In September 2014, Indian Prime Minister Narendra Modi suggested to the 69th UN General Assembly that there was a need for World Yoga Day. Accordingly, 75 days later, a resolution was passed marking 21 June as International Day of Yoga. The resolution was supported by 177 out of 193 UN nations, a record.
And today, 21 June 2015, International Yoga Day is being observed for the very first time. The concept, initiated by India has captivated people around the globe as it is believed that those who practise the art secure inner peace.
India is celebrating the occasion with "immense enthusiasm", said Modi and added that "it is the result of a large people's movement".
Yoga and the UN
UN Secretary General Ban Ki-moon described himself as "excited" over the day, congratulating Indian External Affairs Minister Sushma Swaraj for her involvement in the event.
The secretary general was quoted as saying: "There is a lot of enthusiasm. We have been observing many international days on something but [Yoga Day] is unprecedented, most exciting."
Yoga and the world
While 192 member nations of the UN will be commemorating the day, with the exception of Yemen, in India the event began with Modi joining a large number of enthusiasts in New Delhi to set a world record.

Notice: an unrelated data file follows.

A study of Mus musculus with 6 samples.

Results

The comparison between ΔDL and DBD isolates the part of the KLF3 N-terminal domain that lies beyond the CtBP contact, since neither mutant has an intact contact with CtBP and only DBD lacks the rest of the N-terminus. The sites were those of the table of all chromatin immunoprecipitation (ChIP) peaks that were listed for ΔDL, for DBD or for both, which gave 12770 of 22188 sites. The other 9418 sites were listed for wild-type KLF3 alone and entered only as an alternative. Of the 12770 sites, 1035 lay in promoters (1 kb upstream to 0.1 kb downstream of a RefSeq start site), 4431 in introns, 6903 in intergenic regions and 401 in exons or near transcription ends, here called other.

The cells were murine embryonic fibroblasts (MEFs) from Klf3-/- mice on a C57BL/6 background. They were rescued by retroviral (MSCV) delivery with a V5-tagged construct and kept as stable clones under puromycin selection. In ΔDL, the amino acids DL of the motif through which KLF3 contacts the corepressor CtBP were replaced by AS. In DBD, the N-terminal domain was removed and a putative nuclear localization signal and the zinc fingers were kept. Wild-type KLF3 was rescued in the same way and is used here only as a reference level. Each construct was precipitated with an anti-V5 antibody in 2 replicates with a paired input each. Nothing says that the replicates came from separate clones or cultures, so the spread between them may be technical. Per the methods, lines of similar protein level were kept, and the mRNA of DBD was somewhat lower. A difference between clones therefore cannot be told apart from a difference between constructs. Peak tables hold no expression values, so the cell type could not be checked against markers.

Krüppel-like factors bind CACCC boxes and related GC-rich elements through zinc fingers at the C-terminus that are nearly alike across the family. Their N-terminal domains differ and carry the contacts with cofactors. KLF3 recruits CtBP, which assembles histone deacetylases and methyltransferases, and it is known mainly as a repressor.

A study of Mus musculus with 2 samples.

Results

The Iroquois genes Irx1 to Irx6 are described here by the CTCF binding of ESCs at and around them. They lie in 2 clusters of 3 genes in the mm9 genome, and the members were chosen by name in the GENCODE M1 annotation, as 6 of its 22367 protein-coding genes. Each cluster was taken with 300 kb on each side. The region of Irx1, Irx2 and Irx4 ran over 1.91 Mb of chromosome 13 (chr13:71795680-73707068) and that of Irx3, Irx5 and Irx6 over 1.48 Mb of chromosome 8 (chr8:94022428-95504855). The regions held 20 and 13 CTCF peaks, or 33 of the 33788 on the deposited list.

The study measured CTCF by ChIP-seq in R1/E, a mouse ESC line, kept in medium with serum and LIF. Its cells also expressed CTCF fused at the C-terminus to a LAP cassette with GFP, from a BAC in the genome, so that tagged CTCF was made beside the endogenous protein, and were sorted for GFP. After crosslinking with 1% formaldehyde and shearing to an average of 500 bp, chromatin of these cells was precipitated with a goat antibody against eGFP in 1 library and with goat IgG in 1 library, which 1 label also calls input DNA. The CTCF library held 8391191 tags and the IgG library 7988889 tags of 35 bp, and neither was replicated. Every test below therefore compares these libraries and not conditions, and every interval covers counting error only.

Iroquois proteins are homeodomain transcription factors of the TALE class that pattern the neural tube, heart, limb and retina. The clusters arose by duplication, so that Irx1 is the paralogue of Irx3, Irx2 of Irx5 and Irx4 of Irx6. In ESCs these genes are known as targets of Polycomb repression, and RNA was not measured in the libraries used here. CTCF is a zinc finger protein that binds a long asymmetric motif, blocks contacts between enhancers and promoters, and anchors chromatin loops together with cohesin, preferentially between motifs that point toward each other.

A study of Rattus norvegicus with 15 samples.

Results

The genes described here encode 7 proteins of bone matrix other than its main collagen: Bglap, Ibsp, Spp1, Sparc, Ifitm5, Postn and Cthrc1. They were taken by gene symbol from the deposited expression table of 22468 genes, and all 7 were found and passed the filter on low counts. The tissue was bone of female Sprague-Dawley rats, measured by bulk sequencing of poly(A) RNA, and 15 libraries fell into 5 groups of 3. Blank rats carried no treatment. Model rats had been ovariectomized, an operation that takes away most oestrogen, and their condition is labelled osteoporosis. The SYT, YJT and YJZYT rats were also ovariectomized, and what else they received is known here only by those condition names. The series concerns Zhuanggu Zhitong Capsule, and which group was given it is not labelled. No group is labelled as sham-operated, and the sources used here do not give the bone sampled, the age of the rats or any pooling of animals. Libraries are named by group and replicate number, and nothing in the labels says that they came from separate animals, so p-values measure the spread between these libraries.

"Who would have thought that Rajpath [in New Delhi] would become Yoga Path," he said, adding: "Yoga is an everyday part of life... Yoga is not just for contorting your body into shapes. If that were true, people working in the circus would be called yogis."
Earlier on 21 June, Modi posted on Twitter about how enthusiastic he was to mark the occasion.
This was followed by numerous tweets from people performing yoga in several parts of the world.
International Day of Yoga is being celebrated in over 251 cities in 192 countries across the world. In Britain, mats will be rolled out along the banks of the River Thames for citizens to practise yoga. In the US, Swaraj will be at the UN headquarters in New York to participate in celebrations at Times Square.